EMIR: entry into force of collateral requirements for non-centrally cleared derivatives on 4 February 2017

Published on January 9, 2017

To mitigate the impact of a default by a market participant, the European Market Infrastructure Regulation (EMIR) requires that trading in derivatives be subject to central clearing or a bilateral exchange of collateral. Following the central clearing obligation, the margin exchange obligation is now taking effect.

On 15 December 2016, the Official Journal of the EU published the delegated regulation that defines and implements an obligation to exchange collateral for non-centrally cleared derivatives under the European Market Infrastructure Regulation (EMIR) on derivatives, central counterparties and trade repositories. To protect counterparties to a non-centrally cleared OTC derivative contract against the potential risk of default by the other counterparty, the regulation stipulates that the parties must make a bilateral exchange of initial and variation margins, and must specify both the methods used to calculate them, and the eligibility and diversification requirements that the collateral must meet.

Following the central clearing obligation, which took effect in 2016 for certain counterparties and whose scope will be gradually expanded through 2019, the obligation to exchange collateral for non-centrally cleared derivatives is the final stage of EMIR’s implementation, which will be in full force from 2017.

Exchanging collateralEach counterparty to an OTC derivative contract that is not centrally cleared faces the risk that the other counterparty will default before the final payment related to the transaction is made. Two types of collateral, in the form of an asset exchange, are necessary to properly manage this risk:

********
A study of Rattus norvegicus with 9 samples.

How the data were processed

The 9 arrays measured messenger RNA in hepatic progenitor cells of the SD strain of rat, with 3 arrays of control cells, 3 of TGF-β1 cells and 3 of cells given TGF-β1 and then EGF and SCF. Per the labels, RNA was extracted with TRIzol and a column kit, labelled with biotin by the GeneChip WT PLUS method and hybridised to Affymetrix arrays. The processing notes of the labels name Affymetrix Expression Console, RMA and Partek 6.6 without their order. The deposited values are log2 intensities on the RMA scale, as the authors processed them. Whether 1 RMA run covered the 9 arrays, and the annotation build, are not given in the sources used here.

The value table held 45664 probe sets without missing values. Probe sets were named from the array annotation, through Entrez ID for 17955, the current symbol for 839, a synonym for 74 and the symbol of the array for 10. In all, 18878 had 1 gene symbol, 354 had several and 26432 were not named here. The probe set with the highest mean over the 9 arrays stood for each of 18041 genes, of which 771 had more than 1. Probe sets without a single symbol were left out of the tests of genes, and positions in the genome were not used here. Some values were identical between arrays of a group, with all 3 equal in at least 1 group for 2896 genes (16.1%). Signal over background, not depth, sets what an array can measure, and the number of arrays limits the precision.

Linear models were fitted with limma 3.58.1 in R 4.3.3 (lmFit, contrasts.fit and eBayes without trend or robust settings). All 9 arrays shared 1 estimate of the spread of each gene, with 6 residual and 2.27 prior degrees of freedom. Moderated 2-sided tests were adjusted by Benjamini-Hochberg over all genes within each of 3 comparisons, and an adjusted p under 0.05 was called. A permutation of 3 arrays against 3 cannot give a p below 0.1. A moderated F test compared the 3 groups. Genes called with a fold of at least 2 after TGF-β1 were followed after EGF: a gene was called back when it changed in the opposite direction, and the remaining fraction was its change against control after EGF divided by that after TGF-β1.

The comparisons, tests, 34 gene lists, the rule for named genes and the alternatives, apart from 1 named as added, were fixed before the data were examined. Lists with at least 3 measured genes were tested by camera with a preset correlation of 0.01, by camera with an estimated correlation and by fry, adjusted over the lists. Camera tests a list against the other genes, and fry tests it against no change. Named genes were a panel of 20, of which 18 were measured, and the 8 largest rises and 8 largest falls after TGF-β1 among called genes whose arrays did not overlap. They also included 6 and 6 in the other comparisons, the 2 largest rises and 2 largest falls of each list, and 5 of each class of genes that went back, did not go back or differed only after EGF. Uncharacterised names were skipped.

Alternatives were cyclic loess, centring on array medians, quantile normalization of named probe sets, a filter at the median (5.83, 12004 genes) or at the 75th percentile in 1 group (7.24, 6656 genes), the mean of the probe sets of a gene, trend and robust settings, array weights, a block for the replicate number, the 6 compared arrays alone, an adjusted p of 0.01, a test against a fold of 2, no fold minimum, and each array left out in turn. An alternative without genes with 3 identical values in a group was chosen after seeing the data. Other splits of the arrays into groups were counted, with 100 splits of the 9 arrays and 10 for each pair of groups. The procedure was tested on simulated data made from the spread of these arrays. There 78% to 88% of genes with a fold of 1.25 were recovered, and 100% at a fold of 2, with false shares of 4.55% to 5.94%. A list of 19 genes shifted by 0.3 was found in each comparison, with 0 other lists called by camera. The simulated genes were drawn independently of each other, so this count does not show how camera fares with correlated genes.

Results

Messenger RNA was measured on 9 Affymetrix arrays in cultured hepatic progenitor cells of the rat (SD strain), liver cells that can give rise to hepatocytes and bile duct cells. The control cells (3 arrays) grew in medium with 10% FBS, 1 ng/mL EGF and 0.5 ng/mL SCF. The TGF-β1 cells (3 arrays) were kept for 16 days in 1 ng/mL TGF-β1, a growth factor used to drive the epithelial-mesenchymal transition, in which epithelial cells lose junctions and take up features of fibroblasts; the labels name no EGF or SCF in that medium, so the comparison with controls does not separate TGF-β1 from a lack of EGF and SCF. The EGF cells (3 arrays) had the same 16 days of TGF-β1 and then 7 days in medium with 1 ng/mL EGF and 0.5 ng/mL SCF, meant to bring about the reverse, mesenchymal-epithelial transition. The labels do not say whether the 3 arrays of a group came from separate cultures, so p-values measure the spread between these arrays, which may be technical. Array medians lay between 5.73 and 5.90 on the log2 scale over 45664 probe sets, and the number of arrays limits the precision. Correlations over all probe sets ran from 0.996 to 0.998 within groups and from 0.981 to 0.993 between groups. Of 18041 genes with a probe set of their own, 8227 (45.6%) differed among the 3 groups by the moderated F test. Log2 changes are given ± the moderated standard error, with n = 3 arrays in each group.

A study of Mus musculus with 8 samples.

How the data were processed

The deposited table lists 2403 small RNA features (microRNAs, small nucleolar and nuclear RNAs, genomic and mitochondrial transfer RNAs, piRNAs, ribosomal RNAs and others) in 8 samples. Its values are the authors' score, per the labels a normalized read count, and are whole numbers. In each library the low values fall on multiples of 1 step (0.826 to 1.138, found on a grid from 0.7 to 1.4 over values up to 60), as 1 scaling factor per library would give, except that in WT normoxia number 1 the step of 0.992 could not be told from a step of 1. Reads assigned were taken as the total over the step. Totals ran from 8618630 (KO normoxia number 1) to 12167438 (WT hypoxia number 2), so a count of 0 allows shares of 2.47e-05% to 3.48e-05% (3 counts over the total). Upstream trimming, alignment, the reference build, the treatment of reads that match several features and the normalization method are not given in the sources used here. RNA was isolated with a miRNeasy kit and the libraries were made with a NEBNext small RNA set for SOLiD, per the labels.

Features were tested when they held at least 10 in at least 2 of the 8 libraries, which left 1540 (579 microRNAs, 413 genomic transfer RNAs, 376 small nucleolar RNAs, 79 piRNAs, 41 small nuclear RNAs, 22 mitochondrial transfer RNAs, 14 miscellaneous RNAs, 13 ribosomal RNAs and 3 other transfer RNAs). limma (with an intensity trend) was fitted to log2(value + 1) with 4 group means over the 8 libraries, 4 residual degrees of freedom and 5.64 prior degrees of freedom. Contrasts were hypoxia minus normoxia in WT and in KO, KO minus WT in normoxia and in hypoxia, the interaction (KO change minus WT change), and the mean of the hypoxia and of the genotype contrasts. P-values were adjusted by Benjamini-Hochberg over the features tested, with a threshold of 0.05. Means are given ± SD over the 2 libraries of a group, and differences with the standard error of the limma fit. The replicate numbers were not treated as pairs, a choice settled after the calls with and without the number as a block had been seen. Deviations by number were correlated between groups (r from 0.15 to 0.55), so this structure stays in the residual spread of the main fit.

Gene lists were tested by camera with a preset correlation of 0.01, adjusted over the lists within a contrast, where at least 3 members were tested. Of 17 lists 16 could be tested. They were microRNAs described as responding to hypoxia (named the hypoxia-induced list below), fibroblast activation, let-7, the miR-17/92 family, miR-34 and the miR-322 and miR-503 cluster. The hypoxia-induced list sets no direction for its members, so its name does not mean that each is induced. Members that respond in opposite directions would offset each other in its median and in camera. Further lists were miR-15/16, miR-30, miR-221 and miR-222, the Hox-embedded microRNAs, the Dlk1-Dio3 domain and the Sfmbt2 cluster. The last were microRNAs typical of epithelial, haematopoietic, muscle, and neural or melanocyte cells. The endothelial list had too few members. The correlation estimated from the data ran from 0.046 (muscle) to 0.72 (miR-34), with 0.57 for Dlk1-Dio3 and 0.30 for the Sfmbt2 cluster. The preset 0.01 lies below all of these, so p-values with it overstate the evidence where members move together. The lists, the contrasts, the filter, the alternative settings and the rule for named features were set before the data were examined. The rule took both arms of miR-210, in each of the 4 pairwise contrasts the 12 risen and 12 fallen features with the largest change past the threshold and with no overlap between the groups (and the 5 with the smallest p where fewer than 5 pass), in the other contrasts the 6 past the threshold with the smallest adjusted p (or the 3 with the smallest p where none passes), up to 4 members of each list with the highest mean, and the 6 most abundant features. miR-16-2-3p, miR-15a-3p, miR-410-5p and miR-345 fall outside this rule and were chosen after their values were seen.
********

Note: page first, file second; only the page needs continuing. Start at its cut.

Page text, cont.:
- the initial margin, which protects the counterparties against potential losses arising from future changes in the mark-to-market value of the contract during the time it takes to close out or replace the position in the event that the counterparty default;
- the variation margin, which protects counterparties against exposures related to the current market value of their OTC derivative contracts.

The collateral exchange requirements apply to financial entities dealing in derivatives and to non-financial firms whose derivatives positions exceed the clearing threshold. They apply to all OTC derivative contracts that are not centrally cleared.

They will progressively take effect starting in February 2017 according to the following schedule:

Types of counterparty Initial margins Variation margins
Counterparties belonging to a group whose positions exceed €3,000bn* 4 February 2017 4 February 2017
Counterparties belonging to a group whose positions exceed €2,250bn* 1 September 2017

 

 

 

1 March 2017

Counterparties belonging to a group whose positions exceed €1,500bn* 1 September 2018
Counterparties belonging to a group whose positions exceed €750bn* 1 September 2019
Counterparties belonging to a group whose positions exceed €8bn* 1 September 2020
Counterparties belonging to a group whose positions do not exceed €8bn* Not applicable

* The positions to be compared with the thresholds correspond to the average of the gross notional amounts recorded on the last business day of March, April and May 2016 for all non-centrally cleared OTC derivative contracts, for all entities of the group. For funds, the calculation shall be made at the level of each fund.

The obligation to exchange collateral in respect of single-stock equity options and index options will be phased in three years after the delegated regulation takes effect. Foreign exchange derivatives are also subject to specific treatment, with certain contracts exempt from the initial margin requirement and a phased-in enforcement of variation margin requirements.

Intragroup transactions are exempt from collateral requirements under certain conditions.